Social Networks are all around us. Sociologist have long studied societies social fabric. But for most of us, social relationships are out of mind and out of sight. We have always just worked or played together. We connect with others so often that we don’t even notice those connections. Only because Facebook, LinkedIn and Twitter display in big numbers your first, second and third degree networks that we have begun to question what do those connections really mean.
Like you, before my work at Lnx Research, I looked at networks as just something that resulted from networking. But now I’m an armchair sociologist. As a BizKnowlogist (one who studies business, knowledge and technology) I’ve read more than 200 peer review papers and other publications on social networks. I learned to translate that scientific gobbledy-gook into a common everyday understanding.
As an armchair sociologist my worldview has changed. Behind our everyday relationships, I see the universal patterns that occur over and over again. These patterns occur in all groups, from small group to really huge. They occur in our city designs, and our road systems. These patterns occur in rivers and trees; in our brains; in electronics and many other systems. The social patterns in California are the same patterns we find in China. I now look at everything as if it where a network — even the simple tree. The tree’s strength is not the trunk but the root system and branches that are giant networks gathering and distributing nutrients to its entire ecosystem.
In this blog I will share with you my thoughts on social networks, how to analyze them, and how to create strategies to create an impact.
* Image from http://www.freedigitalphotos.net/ Artist:arztsamui
I had a chance to hear the quirky market innovator and disrupter, Seth Godin speak. He gets it. In his new book, “The Iccarus Deception” the world is a different place. Its connected. The rules your parents taught you do not apply. The rulers that taught you not to fly too close to the sun are wrong. Connections are not limited to the workplace. You can create new connections anywhere. You can create something new and connect to anyone. Innovation and creating something new is not a scare commodity. Go forth and create something new and connect. Available on Amazon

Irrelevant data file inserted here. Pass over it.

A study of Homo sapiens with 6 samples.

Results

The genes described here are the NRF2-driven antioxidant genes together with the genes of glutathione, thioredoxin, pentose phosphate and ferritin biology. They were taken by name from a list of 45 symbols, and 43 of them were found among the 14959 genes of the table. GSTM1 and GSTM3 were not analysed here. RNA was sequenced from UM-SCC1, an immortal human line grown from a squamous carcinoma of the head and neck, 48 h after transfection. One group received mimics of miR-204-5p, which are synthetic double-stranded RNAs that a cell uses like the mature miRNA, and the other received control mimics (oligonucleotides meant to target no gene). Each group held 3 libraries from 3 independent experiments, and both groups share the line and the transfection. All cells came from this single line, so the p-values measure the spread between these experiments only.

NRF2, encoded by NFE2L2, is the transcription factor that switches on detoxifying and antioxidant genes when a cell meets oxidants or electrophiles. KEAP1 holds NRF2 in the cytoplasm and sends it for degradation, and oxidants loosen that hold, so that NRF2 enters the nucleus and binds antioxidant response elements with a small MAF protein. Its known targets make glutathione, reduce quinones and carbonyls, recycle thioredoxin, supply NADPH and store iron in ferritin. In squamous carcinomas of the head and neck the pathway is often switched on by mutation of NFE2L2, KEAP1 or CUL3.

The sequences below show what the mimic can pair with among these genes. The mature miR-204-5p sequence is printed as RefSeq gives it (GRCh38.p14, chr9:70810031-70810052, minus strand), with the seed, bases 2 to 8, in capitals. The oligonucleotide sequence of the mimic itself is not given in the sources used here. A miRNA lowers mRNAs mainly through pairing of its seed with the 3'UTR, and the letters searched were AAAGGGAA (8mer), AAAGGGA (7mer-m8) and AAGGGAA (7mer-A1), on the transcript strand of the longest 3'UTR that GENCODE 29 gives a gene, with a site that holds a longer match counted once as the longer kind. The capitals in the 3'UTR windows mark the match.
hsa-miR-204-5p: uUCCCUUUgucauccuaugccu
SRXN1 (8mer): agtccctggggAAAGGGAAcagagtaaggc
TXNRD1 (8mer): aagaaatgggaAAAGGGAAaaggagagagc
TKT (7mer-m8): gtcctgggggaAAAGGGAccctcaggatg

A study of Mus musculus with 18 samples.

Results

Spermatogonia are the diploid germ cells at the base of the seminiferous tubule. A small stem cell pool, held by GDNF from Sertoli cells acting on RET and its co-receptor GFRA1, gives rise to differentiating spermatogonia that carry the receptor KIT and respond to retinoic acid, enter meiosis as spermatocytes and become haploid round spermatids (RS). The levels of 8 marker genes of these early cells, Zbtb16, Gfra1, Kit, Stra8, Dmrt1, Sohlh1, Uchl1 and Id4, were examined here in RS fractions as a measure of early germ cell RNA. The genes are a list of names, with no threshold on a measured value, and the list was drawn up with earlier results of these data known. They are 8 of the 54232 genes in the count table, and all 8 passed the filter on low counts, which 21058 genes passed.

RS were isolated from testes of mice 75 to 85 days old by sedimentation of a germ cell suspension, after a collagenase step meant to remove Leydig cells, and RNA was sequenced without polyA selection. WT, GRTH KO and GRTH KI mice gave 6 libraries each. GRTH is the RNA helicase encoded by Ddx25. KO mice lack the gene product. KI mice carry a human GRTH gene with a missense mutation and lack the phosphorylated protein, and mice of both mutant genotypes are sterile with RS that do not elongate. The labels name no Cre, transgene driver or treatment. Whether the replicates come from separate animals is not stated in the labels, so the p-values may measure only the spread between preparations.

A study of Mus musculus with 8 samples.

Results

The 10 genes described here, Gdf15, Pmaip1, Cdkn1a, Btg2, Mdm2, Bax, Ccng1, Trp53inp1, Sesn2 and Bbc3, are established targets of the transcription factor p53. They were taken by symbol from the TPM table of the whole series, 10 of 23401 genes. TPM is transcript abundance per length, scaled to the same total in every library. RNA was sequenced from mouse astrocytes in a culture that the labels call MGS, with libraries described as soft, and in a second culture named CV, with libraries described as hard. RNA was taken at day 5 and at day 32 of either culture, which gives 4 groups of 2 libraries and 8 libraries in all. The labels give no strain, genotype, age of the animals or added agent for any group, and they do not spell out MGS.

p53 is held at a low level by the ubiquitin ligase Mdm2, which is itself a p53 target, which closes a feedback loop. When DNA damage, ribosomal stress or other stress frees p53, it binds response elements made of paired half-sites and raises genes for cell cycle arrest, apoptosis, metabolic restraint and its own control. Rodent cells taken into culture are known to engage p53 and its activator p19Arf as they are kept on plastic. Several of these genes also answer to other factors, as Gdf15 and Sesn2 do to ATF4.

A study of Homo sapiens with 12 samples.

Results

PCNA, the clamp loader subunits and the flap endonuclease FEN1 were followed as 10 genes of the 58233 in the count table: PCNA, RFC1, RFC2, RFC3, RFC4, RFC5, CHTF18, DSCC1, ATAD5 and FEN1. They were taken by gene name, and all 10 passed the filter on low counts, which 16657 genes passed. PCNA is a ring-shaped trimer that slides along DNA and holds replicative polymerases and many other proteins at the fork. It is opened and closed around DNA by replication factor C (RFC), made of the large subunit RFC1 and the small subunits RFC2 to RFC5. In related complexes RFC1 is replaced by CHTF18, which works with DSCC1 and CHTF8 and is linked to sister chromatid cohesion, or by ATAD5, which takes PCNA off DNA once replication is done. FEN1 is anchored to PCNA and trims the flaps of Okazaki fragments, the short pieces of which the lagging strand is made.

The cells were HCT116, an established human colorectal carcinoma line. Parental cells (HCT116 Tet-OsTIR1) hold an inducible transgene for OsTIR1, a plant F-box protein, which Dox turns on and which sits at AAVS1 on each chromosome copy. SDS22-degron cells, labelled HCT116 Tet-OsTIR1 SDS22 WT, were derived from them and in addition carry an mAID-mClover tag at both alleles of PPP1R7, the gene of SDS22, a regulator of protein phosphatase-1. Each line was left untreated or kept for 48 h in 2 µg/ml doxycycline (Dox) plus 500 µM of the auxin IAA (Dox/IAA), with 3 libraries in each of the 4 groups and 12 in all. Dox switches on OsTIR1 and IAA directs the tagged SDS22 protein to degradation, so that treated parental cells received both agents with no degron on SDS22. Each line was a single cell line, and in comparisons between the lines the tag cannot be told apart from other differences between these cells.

Welcome to BizKnowlogy. Looking at an old Apple II reminds me how far the world has changed in less than 40 years. The Apple II seems ancient. If feels like I’m visiting a museum and seeing Thomas Edison’s telegraph machine. The Apple was clunky; it was slow; it was expensive – costing over $5,000 in today’s dollars; it had no virtually no memory, holding a whopping 4,096 characters.
Today we have smart phones, tablet computing and smart devices everywhere. Facebook has more than a billion customers. Google answers more than a billion searches every day quickly and with remarkable precision. Amazon and Ebay sell millions of products, bringing customers and vendors together from around the world. The internet now connects 34%, nearly 2½ Billion of the globe’s 7B people.
We have clearly left the information age behind and entered the connected age. This hyper connectedness changes the boundaries; it changes the rules. These changes, profoundly impact us. BizKnowlogy operates to connect with people, companies and organizations working in this new connected age, to understand it, to leverage it and to drive innovation for a better future today.